The case: Dr Reynolds was appointed by CLFIS (UK) Ltd as Chief Medical Officer under a consultancy agreement. Her agreement was terminated by her general manager following a presentation by other managers which raised various concerns about her performance. Dr Reynolds, who was 73 at the time, claimed that the termination of the agreement constituted direct age discrimination.

The Employment Tribunal approached this case by focusing on the mental processes of the general manager, notwithstanding the involvement of other managers. It concluded that the decision to terminate Dr Reynolds’ agreement was taken solely by the general manager and that there was a non-discriminatory reason for his decision.

The case was appealed to the Court of Appeal which upheld the Tribunal’s decision. It considered this to be a case of “tainted information” (e.g. where a manager decides to dismiss an employee on the basis of an adverse report from another employee (the “informant”) who is motivated by her age). When considering liability in such a case, the Court disagreed with the “composite approach”, which involved bringing together the decision-maker’s act with the informant’s motivation to assess the motivation for dismissal. It is a fundamental principle of discrimination legislation that an employer can only be liable where an individual employee/agent for whose act he is responsible has done an act which satisfies the definition of discrimination. The Court considered that the individual employee who did the relevant act must himself have been motivated by the protected characteristic. It would otherwise be unfair in this case for the general manager’s act to be held to be discriminatory on the basis of someone else’s motivation. The Court therefore concluded that the “separate acts approach”, which involves treating the informant’s report as a discrete discriminatory act, was correct in this case.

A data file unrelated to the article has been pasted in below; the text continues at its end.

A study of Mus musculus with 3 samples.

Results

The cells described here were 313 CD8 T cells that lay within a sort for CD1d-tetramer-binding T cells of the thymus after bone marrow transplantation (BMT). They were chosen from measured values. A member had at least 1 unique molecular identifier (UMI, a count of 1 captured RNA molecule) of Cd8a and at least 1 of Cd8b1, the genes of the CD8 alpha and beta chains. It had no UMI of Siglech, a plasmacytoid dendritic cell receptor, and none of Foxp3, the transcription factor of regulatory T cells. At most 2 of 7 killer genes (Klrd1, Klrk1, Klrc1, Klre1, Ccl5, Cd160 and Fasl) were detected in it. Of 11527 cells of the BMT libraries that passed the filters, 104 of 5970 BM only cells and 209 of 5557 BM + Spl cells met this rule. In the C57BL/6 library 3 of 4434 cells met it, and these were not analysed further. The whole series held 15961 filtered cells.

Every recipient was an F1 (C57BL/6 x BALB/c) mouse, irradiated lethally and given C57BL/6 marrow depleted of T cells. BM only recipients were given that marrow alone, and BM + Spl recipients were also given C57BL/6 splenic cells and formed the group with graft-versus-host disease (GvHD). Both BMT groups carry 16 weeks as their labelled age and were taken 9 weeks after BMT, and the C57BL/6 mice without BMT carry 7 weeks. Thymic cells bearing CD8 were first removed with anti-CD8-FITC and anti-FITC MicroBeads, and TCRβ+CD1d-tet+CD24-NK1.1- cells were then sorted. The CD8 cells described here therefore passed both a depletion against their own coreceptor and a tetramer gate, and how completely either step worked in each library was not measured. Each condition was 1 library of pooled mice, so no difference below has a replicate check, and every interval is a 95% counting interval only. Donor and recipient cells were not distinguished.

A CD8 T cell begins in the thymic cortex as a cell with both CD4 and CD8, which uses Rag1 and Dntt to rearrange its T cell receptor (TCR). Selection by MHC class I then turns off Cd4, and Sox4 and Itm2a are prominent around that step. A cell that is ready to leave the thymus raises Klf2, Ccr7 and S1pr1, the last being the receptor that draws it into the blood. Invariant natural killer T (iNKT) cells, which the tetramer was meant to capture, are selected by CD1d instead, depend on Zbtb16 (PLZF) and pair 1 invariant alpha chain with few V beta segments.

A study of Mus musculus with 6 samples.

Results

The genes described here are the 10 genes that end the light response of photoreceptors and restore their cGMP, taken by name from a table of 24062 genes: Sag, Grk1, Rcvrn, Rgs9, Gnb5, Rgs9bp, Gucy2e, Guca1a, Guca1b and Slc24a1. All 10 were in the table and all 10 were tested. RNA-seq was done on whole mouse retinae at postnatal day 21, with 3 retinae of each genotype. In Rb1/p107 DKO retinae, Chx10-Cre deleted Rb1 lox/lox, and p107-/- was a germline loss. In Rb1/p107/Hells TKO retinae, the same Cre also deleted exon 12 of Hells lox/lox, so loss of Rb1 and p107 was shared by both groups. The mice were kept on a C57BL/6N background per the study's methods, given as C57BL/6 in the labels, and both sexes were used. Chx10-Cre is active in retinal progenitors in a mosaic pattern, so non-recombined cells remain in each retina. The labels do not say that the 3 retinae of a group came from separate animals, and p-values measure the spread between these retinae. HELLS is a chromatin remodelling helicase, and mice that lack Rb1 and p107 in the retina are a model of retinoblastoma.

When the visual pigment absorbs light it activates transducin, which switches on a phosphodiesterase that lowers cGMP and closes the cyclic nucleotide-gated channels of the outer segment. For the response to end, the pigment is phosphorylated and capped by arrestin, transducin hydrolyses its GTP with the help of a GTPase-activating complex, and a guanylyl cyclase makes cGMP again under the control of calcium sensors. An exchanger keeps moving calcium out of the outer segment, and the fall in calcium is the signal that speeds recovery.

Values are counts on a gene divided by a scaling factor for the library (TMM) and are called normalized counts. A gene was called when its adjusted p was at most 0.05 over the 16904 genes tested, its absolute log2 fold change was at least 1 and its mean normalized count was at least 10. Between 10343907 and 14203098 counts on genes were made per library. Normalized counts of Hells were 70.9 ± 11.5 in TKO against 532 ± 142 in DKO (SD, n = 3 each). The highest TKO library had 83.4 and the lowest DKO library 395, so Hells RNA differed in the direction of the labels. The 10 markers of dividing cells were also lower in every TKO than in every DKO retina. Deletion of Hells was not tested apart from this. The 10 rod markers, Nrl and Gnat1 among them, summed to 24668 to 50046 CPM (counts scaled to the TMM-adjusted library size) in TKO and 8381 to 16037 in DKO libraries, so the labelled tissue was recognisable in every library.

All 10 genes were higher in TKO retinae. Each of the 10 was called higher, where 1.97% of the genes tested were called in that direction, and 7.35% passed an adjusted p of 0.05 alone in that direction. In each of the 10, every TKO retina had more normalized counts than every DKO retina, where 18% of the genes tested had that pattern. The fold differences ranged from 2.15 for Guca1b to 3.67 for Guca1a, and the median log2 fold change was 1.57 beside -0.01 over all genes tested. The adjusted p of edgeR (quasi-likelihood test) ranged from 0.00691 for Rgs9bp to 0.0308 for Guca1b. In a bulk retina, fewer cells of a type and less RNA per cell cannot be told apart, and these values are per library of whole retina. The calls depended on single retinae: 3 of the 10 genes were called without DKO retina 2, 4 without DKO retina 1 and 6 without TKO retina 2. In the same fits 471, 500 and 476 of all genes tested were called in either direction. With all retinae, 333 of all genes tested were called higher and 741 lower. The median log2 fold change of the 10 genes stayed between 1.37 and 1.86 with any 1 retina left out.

The impact: This useful decision is likely to be welcomed by tribunals and employers alike. Had the Court of Appeal preferred the composite approach, this would have potentially widened the field of employees being considered when assessing motivation in a discrimination case. The case does, however, highlight the importance for employers of choosing decisionmakers carefully. Claimants may still attempt to look beyond the relevant decision/act and allege that the information on which it is based was discriminatory, to capture each “separate act” within their claim. Ensuring there is clarity around the decision-making process in advance is vital.